BERLIN – After months of no progress on the comprehensive plan, the town of Berlin has voted to hire a consultant to complete the land use document on time.
The Berlin comprehensive plan has languished incomplete for months. A draft was presented to the town and public last spring, and revisions were reportedly made based on those comments, but the plan has not moved forward since.
Tim Bourcier, a planner with Davis Bowen and Friedel (DBF), who is currently handling some functions of Berlin’s vacant planning superintendent position, recently submitted a proposal to the town to complete the comprehensive plan by next November’s state deadline. Maryland law requires that all jurisdictions in the state review their comprehensive plan every six years.
The Berlin Mayor and Council voted Monday night to accept DBF’s proposal to complete the plan at a cost not to exceed $31,000.
Bourcier said he plans to hold at least two public input meetings in January and February to gather direction from the townspeople for the future of the municipality. One of those meetings, he said, will be targeted to an oft-underrepresented part of the town population.
“I want to reach out to the African-American community. When I came here, I didn’t know there was such a large one,” Bourcier said. “I’m interested in getting that community involved.”
Citizen input will determine crucial aspects of the comprehensive plan.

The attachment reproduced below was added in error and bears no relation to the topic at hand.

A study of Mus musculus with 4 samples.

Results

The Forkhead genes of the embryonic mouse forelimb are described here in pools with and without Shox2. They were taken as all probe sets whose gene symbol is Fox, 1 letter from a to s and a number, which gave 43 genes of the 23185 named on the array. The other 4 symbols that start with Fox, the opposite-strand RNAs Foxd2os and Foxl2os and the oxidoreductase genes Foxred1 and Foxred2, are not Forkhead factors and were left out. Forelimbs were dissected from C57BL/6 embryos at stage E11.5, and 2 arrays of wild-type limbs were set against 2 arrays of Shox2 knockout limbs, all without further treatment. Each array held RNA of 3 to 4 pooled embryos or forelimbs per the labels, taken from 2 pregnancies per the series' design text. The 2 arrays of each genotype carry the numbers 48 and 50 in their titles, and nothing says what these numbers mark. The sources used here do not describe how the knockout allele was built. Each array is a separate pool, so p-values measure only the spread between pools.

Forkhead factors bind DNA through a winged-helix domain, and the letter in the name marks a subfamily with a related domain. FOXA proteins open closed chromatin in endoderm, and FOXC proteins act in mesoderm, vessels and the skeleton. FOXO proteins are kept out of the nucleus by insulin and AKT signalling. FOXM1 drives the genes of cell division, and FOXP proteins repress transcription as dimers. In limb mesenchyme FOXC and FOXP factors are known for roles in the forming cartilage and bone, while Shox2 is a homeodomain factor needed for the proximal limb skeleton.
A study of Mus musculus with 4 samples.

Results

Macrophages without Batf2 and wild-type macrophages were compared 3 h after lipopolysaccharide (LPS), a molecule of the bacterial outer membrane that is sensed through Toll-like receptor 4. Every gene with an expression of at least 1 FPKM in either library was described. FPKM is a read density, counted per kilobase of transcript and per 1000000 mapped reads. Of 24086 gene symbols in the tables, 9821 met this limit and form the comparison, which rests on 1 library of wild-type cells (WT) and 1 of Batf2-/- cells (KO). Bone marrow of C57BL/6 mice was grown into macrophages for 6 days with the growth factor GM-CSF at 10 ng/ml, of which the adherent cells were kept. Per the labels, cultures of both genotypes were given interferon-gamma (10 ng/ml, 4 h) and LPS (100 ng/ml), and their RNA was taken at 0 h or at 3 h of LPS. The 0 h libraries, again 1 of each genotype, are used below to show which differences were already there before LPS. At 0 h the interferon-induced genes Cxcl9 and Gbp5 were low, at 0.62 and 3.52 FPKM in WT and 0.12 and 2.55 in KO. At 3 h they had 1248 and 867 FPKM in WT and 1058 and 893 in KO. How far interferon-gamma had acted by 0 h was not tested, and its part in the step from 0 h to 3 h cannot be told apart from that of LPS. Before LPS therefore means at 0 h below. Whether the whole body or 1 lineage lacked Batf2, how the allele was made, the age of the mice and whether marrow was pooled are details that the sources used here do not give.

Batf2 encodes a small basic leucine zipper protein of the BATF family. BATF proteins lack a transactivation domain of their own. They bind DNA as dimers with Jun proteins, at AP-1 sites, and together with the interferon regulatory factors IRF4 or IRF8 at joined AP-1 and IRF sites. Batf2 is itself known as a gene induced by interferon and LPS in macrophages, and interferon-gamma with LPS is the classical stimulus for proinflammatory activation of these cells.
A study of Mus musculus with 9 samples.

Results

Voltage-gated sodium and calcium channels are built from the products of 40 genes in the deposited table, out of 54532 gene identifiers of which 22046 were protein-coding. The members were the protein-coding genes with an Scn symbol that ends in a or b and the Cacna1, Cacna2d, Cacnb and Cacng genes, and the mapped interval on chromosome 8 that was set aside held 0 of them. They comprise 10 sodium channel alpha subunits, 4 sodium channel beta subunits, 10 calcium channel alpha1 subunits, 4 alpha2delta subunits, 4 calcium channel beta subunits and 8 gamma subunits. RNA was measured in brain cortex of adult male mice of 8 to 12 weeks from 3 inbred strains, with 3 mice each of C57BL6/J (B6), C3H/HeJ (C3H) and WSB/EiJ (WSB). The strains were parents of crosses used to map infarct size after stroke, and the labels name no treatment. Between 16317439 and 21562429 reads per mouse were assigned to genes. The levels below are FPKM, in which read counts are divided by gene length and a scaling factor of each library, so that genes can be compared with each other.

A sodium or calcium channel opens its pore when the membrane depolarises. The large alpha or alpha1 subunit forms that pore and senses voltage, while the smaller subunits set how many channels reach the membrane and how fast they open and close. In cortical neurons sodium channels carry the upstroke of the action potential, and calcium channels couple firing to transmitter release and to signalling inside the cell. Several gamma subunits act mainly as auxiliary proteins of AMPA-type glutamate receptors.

“Until I get a vision from the community, go out and talk to them, I don’t know what the goals of the town are,” he said.
Bourcier has already reviewed the existing draft and reported his analysis to the Planning Commission, Berlin Administrative Director Linda Bambary said.
“The Planning Commission at their last meeting told Tim they wanted to get it prioritized and get it done,” said Bambary.
The next draft should be complete mid-April to early May. Bourcier estimated that only 15 to 30 percent of the existing draft would make it into the next draft.
“It’s pretty unfinished,” Bourcier said. “I don’t know from a time stand point how much [the current draft] really helps the town.”
Bourcier has extensive experience writing comprehensive plans, including working on the Miami, Fla., plan.
Berlin should be interesting, he said, because it includes so many different elements.
“Each town is different in its own way and different in their perspectives,” he said. “For being such a small community, it’s a very eclectic one. There’s going to be some interesting challenges there.”